I helped create the GOP tax myth. Trump is wrong: Tax cuts don’t equal growth.

 In U.S.

President Trump delivers a speech about tax reform Sept. 27 in Indianapolis. (Alex Brandon/AP)

Four decades ago, while working for Rep. Jack Kemp (R-N.Y.), I had a hand in creating the Republican tax myth. Of course, it didn’t seem like a myth at that time — taxes were rising rapidly because of inflation and bracket creep, the top tax rate was 70 percent and the economy seemed trapped in stagflation with no way out. Tax cuts, at that time, were an appropriate remedy for the economy’s ills. By the time Ronald Reagan was president, Republican tax gospel went something like this:

Based on this logic, tax cuts became the GOP’s go-to solution for nearly every economic problem. Extravagant claims are made for any proposed tax cut. Wednesday, President Trump argued that “our country and our economy cannot take off” without the kind of tax reform he proposes. Last week, Republican economist Arthur Laffer said, “If you cut that [corporate] tax rate to 15 percent, it will pay for itself many times over. … This will bring in probably $1.5 trillion net by itself.”

That’s wishful thinking. So is most Republican rhetoric around tax cutting. In reality, there’s no evidence that a tax cut now would spur growth.

The Reagan tax cut did have a positive effect on the economy, but the prosperity of the ’80s is overrated in the Republican mind. In fact, aggregate real gross domestic product growth was higher in the ’70s — 37.2 percent vs. 35.9 percent.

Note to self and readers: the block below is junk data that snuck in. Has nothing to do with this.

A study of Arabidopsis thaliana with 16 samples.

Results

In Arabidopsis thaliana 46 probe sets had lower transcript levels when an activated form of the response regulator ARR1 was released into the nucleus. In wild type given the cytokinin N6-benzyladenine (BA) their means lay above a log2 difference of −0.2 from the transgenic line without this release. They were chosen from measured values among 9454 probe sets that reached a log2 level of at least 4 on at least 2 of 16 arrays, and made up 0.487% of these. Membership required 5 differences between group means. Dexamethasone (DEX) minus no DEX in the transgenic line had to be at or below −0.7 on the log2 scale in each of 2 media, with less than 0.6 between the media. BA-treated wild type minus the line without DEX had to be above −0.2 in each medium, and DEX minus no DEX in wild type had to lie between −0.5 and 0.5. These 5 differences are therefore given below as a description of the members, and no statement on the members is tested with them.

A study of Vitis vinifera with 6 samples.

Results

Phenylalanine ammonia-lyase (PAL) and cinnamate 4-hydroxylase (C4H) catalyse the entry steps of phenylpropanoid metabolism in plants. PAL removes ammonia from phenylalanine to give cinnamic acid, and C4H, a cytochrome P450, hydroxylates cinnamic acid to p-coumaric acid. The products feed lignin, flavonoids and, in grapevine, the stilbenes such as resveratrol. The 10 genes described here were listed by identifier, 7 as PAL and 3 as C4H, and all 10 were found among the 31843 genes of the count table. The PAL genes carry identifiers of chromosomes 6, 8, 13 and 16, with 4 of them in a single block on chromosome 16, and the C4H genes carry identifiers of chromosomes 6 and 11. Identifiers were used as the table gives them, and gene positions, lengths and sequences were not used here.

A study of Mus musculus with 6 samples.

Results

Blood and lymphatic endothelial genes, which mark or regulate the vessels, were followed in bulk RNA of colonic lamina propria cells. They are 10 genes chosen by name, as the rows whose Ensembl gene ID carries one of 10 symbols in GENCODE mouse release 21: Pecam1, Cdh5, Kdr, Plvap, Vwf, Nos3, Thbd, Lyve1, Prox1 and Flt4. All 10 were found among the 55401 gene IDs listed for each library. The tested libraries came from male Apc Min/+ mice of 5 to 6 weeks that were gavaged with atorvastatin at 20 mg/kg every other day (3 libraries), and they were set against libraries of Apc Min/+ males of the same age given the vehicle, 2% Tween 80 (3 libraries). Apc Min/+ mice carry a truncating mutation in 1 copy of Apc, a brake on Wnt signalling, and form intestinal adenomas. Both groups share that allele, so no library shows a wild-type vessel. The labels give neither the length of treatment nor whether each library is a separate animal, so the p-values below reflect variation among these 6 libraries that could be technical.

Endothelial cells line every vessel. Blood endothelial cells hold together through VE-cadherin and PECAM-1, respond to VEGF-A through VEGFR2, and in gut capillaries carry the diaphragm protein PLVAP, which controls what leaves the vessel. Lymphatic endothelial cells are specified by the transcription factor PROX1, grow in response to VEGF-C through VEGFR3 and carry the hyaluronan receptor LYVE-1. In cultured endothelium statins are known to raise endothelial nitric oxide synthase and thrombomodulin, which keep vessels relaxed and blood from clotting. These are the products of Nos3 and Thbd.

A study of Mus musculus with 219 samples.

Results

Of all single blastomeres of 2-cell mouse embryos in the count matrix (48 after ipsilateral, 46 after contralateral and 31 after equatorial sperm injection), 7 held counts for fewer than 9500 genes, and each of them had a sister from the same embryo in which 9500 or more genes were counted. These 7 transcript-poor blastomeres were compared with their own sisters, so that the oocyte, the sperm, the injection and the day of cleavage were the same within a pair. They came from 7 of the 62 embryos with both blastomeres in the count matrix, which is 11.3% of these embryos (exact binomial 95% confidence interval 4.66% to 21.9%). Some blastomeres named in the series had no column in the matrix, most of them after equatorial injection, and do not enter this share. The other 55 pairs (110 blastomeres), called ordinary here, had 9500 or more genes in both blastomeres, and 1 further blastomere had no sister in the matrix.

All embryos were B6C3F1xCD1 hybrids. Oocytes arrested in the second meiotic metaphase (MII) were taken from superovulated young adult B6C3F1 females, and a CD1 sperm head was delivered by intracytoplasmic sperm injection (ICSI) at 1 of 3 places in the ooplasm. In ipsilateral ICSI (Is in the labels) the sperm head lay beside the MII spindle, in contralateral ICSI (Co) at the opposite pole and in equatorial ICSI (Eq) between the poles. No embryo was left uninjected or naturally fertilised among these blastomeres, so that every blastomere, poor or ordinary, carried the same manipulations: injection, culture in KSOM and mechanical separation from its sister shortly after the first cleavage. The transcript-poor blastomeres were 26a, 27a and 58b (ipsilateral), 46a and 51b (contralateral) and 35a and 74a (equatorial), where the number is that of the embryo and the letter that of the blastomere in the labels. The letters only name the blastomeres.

Moreover, GOP tax mythology usually leaves out other factors that also contributed to growth in the 1980s: First was the sharp reduction in interest rates by the Federal Reserve. The fed funds rate fell by more than half, from about 19 percent in July 1981 to about 9 percent in November 1982. Second, Reagan’s defense buildup and highway construction programs greatly increased the federal government’s purchases of goods and services. This is textbook Keynesian economics.

Third, there was the simple bounce-back from the recession of 1981-82. Recoveries in the postwar era tended to be V-shaped — they were as sharp as the downturns they followed. The deeper the recession, the more robust the recovery.

Finally, I’m not sure how many Republicans even know anymore that Reagan raised taxes several times after 1981. His last budget showed that as of 1988, the aggregate, cumulative revenue loss from the 1981 tax cut was $264 billion and legislated tax increases brought about half of that back.

Today, Republicans extol the virtues of lowering marginal tax rates, citing as their model the Tax Reform Act of 1986, which lowered the top individual income tax rate to just 28 percent from 50 percent, and the corporate tax rate to 34 percent from 46 percent. What follows, they say, would be an economic boon. Indeed, textbook tax theory says that lowering marginal tax rates while holding revenue constant unambiguously raises growth.

But there is no evidence showing a boost in growth from the 1986 act. The economy remained on the same track, with huge stock market crashes — 1987’s “Black Monday,” 1989’s Friday the 13th “mini-crash” and a recession beginning in 1990. Real wages fell.

Strenuous efforts by economists to find any growth effect from the 1986 act have failed to find much. The most thorough analysis, by economists Alan Auerbach and Joel Slemrod, found only a shifting of income due to tax reform, no growth effects: “The aggregate values of labor supply and saving apparently responded very little,” they concluded.